The religious centeredness of most African states has paved way for the justification of inhumane acts committed against minority groups. One of the growing concerns is the growth of witches’ camps across the northern part of Ghana. These can be found in popular villages like Gambaga, Bonyase, Gushegu, Kukuo and many other towns in the region.
The wides pread of these camps are a result of the lack of modern methods for solving problems and relying on religion for solutions instead. Women form the majority driven from their homes and community on the basis of witchcraft. Most news from the media reported that the condemnation of these women was the result of neighbors blaming them for their sickness, misfortunes and for seeing them in their dreams. Those accused are sent to a priest who performs unhealthy rituals to neutralize their ‘powers’. They are forced to drink concoctions and subjected to bizarre rituals. At the shrine, there are no scientific or reasonable tests undertaken to prove them guilty.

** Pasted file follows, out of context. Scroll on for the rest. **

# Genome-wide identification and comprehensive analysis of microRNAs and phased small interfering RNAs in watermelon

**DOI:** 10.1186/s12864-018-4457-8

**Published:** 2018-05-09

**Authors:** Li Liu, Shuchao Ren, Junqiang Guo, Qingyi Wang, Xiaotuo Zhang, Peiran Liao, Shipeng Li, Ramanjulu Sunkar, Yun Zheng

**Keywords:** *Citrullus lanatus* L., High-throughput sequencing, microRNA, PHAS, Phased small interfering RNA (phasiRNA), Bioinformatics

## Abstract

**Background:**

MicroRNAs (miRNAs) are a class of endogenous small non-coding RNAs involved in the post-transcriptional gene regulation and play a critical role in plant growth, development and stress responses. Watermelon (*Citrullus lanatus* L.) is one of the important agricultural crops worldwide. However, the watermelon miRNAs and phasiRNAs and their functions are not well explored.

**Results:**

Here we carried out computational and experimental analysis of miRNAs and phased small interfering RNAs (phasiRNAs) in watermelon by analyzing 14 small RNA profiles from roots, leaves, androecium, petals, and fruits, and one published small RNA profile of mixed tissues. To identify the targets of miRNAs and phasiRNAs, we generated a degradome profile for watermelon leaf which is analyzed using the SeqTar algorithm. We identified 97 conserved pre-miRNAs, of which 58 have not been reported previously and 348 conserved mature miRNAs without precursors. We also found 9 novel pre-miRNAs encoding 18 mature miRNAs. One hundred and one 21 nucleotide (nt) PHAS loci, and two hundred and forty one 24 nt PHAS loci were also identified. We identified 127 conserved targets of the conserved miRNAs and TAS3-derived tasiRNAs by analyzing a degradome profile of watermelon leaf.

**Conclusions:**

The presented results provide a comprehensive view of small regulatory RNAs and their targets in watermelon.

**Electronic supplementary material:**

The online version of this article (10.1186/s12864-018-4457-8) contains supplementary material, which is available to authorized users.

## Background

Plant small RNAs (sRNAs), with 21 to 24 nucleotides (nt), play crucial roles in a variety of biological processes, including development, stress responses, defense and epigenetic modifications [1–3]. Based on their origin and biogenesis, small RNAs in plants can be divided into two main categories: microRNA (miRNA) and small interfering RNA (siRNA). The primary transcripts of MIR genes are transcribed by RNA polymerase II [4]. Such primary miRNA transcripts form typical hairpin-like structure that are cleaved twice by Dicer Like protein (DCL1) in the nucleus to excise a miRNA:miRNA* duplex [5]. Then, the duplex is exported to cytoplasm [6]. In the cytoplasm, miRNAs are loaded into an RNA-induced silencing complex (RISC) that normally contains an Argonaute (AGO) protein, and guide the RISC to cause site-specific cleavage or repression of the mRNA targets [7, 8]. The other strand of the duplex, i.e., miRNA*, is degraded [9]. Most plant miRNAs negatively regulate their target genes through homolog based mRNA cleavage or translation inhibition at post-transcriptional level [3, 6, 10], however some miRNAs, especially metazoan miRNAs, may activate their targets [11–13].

These women are often accused of witchcraft by people who owe them money. Some find themselves in this situation because someone close to them died unexpectedly. In an interview with women at the Gambaga witch camp by ‘unsilenced voices’, one victim shared her story on how she ended up in the witches camp. According to her, she had a disturbing dream which she reported to her husband. They consulted a fetish priest in the town to seek the meaning of her dream. The priest accused her of being a witch. This resulted in severe physical abuse that chased her out of her community.
Most of these camps are dilapidated mud huts posing great dangers to the lives of these women. A majority of the accused are aged and cannot commit their strength to any activity so as to feed themselves. They live under precarious conditions with no food and no source of livelihood. In the worst situations, most of them are lynched to death, burnt with hot metals and chased out of their communities.
Groups of concerned citizens have made appeals to the government and other bodies in the Ghanaian community yet these pleas are met with no befitting response. People continue to suffer by the spread of religious dogmas and religious practices within the African diaspora. The rights and freedoms of individuals are being curtailed under religious extremism. It has become necessary to bring an abrupt end to these practices and restore dignity to the lives of these women.